In 1 Thessalonians chapters four and five Paul lays out eight elements of a life pleasing to God. He wraps these elements in a literary tool known as inclusio. This method of bracketing information tells us the elements all work together to form a single picture of this life. These eight elements are:
- (1 Thess 4:3-8) A pure life, which he defines as one avoiding sexual immorality and marked by bodily self-control. He compares the two extremes of behavior. On the Christian side there is bodily behavior that is controlled in a holy and honorable way. On the heathen side is passionate lust that knows not God and respects not the brother or sister created by God. We conduct our physical lives above reproach and separate from sexual impurity.
- (1 Thess 4:9-10) A loving life, which he doesn’t define here—though he gives illustrations of their obedient love elsewhere (their concern for him, their giving, their acceptance of his words, etc.). However, the important thing to notice is the command to “do so more and more” (verse 10b). This is a very open ended command. When have you loved enough? What defines the proper amount of love? Whatever way you love others, to whatever degree you love others, you have not exhausted the limit. You are still to love them “more and more.” We can never love enough, but should always love more tomorrow than we do today.
- (1 Thess 4:11-12) A quiet life, which he offers as a sort of paradox. He says to make it our ambition (NIV), or aspire, to lead a quiet life. An ambitious life and a quiet life are, in common usage, opposites. However, the life pleasing to God is not one constantly striving for greater and greater worldly success—though there is nothing wrong with being successful, the Christian defines success very different from the world. What matters is the aspiration. He tells us further that this quiet life we aspire to involves minding our own affairs, and working with our hands. This doesn’t mean Christians must limit themselves to craft trades, or manual labor. The intent behind this is illustrated in the reasons he gives to defend this aspiration. By taking care of our own business and working with our hands we win the respect of others (which helps in sharing the gospel) and we will not be dependent upon anyone. We should be dependent upon God. This is what we are to aspire to: a life of quiet, respectable, self-provisioning work.
- (1 Thess 4:13-18) A hopeful life, Paul defines as one that is not ignorant and hopeless about those who have died—or about our own afterlife. This is a life that knows and stands upon the promises of God. This life is one of hope for the future, even the future after our bodies have gone to the grave. Such hope only grows by studying the Word of God and through standing upon the promises during times of hardship.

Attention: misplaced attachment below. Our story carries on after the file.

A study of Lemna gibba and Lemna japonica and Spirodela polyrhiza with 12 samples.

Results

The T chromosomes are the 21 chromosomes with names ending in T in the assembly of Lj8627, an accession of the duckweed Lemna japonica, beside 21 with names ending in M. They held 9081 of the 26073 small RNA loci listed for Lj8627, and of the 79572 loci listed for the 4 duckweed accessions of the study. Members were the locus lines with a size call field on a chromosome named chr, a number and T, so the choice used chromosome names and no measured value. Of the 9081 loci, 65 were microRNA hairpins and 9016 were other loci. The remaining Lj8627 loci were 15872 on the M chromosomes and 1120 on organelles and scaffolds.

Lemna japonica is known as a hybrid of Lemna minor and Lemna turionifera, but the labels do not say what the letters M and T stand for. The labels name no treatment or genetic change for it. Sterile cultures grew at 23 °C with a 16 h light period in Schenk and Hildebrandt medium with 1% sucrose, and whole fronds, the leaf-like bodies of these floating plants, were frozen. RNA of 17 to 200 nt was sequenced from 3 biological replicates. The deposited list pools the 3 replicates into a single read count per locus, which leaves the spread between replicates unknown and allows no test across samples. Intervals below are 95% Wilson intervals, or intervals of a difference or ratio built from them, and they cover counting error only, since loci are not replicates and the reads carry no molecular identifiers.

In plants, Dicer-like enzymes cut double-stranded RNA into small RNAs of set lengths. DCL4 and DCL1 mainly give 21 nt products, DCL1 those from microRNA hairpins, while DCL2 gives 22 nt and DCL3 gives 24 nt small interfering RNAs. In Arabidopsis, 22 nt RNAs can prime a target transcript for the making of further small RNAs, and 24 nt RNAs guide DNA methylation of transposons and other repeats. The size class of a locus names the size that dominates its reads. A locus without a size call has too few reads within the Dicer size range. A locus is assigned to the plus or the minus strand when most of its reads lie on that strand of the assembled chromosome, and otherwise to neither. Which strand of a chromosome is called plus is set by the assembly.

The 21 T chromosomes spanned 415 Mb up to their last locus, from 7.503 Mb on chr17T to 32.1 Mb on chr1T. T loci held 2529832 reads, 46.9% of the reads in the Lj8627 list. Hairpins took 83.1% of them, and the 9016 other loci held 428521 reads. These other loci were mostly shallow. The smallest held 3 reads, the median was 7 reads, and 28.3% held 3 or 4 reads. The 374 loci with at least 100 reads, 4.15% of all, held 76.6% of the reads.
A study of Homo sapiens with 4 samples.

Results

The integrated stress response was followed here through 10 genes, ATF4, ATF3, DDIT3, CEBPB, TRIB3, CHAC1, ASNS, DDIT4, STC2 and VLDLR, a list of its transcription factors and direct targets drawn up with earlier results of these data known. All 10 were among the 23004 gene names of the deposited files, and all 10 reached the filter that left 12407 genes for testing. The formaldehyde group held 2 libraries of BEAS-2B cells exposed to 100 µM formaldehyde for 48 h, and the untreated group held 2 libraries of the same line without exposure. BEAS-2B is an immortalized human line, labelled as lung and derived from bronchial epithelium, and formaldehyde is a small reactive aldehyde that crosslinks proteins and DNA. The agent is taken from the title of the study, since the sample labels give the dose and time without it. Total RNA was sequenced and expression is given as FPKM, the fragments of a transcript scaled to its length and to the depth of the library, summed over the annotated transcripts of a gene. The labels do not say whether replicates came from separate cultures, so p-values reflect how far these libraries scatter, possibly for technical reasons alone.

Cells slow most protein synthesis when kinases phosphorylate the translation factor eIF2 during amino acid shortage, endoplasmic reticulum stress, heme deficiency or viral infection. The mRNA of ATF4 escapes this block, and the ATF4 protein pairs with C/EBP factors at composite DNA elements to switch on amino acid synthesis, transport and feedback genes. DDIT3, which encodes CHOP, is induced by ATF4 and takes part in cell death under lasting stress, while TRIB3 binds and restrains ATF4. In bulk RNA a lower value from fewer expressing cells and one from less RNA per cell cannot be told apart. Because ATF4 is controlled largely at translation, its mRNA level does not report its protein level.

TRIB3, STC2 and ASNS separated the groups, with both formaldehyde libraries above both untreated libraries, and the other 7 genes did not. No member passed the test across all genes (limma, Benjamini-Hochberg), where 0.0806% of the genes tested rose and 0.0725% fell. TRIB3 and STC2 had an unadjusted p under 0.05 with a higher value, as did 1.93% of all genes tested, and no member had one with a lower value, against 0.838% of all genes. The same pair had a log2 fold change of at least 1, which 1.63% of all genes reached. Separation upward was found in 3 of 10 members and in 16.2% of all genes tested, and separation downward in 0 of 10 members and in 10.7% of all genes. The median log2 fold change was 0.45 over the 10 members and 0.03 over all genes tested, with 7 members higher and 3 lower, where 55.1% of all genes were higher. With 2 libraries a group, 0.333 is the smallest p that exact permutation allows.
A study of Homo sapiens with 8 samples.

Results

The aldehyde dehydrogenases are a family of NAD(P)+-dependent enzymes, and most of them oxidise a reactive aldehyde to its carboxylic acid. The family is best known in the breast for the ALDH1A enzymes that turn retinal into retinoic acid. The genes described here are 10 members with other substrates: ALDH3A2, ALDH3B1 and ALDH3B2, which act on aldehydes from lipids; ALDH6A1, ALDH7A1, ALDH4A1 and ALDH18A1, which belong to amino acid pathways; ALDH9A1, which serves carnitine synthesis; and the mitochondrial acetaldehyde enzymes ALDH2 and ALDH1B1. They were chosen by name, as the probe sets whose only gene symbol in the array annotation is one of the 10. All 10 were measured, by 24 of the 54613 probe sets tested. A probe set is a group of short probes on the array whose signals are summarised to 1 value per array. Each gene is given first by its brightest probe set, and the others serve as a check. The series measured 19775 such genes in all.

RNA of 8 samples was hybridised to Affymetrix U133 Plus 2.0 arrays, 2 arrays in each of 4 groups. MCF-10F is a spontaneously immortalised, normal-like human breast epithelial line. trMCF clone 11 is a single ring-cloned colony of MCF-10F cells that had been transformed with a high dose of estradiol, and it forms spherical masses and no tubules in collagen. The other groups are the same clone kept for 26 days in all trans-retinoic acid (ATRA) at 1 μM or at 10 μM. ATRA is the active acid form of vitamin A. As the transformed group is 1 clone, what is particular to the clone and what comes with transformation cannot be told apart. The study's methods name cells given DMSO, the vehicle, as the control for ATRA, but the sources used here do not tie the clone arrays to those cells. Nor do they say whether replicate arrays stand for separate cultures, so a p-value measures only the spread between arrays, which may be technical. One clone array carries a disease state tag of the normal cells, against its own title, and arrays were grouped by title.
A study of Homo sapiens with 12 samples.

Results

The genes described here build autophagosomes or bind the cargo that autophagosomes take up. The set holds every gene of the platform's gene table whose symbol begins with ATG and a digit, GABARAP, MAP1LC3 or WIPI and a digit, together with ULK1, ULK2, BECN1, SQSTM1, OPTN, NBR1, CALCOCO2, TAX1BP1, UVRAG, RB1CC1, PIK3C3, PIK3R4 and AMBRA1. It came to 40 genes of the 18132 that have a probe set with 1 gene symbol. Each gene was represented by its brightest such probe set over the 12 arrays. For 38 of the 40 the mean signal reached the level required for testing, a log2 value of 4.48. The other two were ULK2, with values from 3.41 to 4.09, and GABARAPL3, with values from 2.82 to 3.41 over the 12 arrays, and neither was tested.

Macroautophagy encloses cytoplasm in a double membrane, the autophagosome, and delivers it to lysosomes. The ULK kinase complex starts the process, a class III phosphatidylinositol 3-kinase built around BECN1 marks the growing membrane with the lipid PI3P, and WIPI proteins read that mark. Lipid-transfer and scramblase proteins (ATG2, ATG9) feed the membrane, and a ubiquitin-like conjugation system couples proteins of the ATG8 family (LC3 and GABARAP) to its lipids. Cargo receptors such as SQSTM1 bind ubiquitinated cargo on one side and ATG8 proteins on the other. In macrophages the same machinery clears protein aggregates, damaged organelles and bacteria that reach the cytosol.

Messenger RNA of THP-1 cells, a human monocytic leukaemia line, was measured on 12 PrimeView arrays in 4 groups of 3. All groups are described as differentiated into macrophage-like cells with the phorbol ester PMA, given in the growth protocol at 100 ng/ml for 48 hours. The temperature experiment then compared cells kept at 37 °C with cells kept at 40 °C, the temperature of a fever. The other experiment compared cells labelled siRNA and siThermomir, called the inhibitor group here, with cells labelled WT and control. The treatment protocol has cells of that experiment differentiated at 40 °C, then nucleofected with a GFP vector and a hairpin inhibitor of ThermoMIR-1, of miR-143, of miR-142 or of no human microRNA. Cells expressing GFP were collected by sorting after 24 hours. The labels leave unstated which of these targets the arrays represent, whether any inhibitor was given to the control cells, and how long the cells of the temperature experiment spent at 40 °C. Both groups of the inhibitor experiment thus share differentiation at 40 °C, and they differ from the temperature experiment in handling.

- (1 Thess 5:1-11) An alert life is illustrated with the difference between night and day. He points out that most who sin are more comfortable doing so at night, under the cover of darkness. However, we recognize that we always live in the light of God’s truth. We are always to live as people in daytime, alert to God’s presence, and equipped with the understanding that God has not called us to suffer wrath but to be saved. Therefore we avoid the life that deserves wrath and encourage our fellow believers to do likewise.
- (1 Thessalonians 5:12-15) A respectful life, which is defined as respect for those in the church who labor at teaching, correcting, and admonishing. We are to hold them in loving honor. We are also to respect and live at peace with each other. This respect for each other will even include the hard work of urging the idle among us to take action.
- (1 Thess 5:16-18) A devout life is one defined by joy, prayer and thanksgiving. This life recognizes that in all situations—good or bad—there are things for which one can thank God and be grateful. When I think of such a life, I consider the story shared by Corrie ten Boom, from her life in a German concentration camp, where her family was sent for aiding Jews. She tells of her sister ministering to the women in their barracks. One day during prayer, her sister was encouraging her to thank God for everything, including the lice from which they constantly suffered. Corrie insisted that was too much. Later, they learned they had such freedom to minister undisturbed because the guards didn’t want to enter the barracks due to the lice. Corrie’s sister saw a blessing from God where Corrie herself saw nothing but vermin. The devout life is one that looks for reasons to praise and thank God. But not only does this life look for such reasons. This life finds them.
- (1 Thess 5:19-22) A spiritual life is the final one in Paul’s list. The spiritual person knows the Spirit can act, the Spirit can speak and respects the Spirit’s right to do so, but also understands there are imposters. Such phenomena must be weighed and tested. The spiritual person holds onto all things that are good and rejects evil—in any form.
After beginning chapter four by saying he had taught them how to live this sanctified life, Paul ends chapter five by telling them that God will develop this life within them. He will sanctify them. He will bring these elements of the sanctified life to being in their lives. He will bring forth the spiritual fruit of such a life. The section ends with what is arguably the most beautiful promise in all of Paul’s writings: “May your whole spirit, soul and body be kept blameless at the coming of our Lord Jesus Christ. The one who calls you is faithful and he will do it” (1 Thess 5:23-24 NIV, emphasis added).